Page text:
The conversion of the present European economy based on fossil fuels into a more bio-based economy will probably be restricted to about 10 per cent of final energy and feedstock consumption in 2030. Sufficient supply of ecologically sustainable biomass will be critical. These are the main findings of a quick-scan analysis carried out by the PBL Netherlands Environmental Assessment Agency and CE Delft.
The conversion of a fossil fuel-based economy into a bio-based economy will probably be restricted in the European Union (EU) by the limited supply of ecologically sustainable biomass. It appears realistic that, for the EU, the sustainable biomass supply will be enough to meet about 10 per cent of the final energy and feedstock consumption in 2030. Under optimistic assumptions, this supply might increase to 20 per cent. EU Member States already aim to apply an amount of biomass in 2020 that already approaches this 10 per cent. Therefore, from a sustainability perspective, there is an urgent need to guarantee ecologically sustainable biomass production.
Sustainability of biomass production
In considering sustainable biomass production, land use is the most critical issue, especially the indirect land-use impacts on greenhouse gas emissions and biodiversity. The use of waste resources and agricultural and forestry residues, that does not involve additional land use, therefore, would be a sustainable option. Technically, it is possible to use these types of resources for most applications in a bio-based economy, but it seems unlikely that, by 2030, they will contribute more than three to four per cent to the final energy and feedstock consumption in Europe.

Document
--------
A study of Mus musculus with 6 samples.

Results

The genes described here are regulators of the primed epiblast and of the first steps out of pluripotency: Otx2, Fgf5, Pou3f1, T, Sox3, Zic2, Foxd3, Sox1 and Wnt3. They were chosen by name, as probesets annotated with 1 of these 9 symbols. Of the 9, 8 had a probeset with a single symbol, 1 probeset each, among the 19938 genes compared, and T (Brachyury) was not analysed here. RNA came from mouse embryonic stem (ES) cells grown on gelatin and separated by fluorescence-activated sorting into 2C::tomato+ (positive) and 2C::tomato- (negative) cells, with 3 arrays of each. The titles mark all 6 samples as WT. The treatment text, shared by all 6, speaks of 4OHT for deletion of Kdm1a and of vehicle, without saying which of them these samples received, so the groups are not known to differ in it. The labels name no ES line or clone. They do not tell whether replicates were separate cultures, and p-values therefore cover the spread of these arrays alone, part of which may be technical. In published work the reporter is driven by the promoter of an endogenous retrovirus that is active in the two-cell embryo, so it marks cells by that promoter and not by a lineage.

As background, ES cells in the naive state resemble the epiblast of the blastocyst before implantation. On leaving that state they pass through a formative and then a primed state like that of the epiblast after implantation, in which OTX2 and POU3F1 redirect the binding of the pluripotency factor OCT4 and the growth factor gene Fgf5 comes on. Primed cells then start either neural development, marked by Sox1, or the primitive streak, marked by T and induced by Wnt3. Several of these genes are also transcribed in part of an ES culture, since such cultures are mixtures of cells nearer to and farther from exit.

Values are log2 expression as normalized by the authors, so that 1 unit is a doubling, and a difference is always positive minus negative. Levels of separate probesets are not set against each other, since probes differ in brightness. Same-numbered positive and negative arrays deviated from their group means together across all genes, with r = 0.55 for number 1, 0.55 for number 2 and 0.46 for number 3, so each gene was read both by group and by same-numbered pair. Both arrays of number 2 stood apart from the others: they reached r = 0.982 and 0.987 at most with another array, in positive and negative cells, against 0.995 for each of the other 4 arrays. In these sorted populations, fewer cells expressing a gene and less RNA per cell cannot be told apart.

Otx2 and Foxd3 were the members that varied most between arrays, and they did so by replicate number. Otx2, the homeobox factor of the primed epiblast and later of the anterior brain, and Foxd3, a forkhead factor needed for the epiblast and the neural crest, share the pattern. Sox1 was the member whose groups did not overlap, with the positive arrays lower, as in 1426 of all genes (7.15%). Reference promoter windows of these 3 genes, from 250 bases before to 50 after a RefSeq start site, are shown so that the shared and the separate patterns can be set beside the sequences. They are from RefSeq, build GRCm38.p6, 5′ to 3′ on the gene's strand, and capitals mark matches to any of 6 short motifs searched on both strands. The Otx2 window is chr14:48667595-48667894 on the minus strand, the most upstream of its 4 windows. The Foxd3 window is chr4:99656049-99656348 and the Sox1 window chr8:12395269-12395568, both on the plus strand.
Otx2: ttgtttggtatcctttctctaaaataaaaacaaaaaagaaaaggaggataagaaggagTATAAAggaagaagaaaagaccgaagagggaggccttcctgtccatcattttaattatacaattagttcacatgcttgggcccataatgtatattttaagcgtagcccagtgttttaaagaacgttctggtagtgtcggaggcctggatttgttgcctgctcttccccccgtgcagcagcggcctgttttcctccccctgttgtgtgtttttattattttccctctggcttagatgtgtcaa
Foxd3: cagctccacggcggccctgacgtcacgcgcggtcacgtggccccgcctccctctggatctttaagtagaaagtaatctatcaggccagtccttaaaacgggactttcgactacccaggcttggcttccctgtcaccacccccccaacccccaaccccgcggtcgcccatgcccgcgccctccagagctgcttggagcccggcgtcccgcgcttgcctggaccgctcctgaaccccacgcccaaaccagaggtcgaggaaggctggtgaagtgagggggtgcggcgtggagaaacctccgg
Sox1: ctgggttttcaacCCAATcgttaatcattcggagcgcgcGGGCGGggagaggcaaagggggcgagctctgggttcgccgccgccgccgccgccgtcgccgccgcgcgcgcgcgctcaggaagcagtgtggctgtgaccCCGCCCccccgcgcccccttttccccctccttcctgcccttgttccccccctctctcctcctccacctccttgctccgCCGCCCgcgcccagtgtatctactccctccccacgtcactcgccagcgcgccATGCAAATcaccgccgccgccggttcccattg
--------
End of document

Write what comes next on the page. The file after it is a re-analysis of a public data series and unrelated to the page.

Three priorities can be distinguished in the transition to an ecologically sustainable bio-based economy that aims to reduce the consumption of fossil fuels:
- develop new technologies, procedures and infrastructure to collect or to produce more biomass without using directly or indirectly valuable natural land;
- develop technologies to produce hydrocarbons from types of biomass that have potentially the highest sustainable supply, and stimulate the application of these hydrocarbons in sectors of the economy where no or very few fossil-free alternatives exist;
- develop a system of criteria, certification schemes and enforcement for all types of biomass that aims to reduce the impact of direct and indirect land use on greenhouse gas emissions and biodiversity, to extend the current EU system that is restricted to the direct impacts of transport biofuels.
These are the main findings of a quick-scan analysis carried out by the PBL Netherlands Environmental Assessment Agency and CE Delft of the biomass demand of a bio-based economy in the European Union in 2030 compared to the sustainable supply.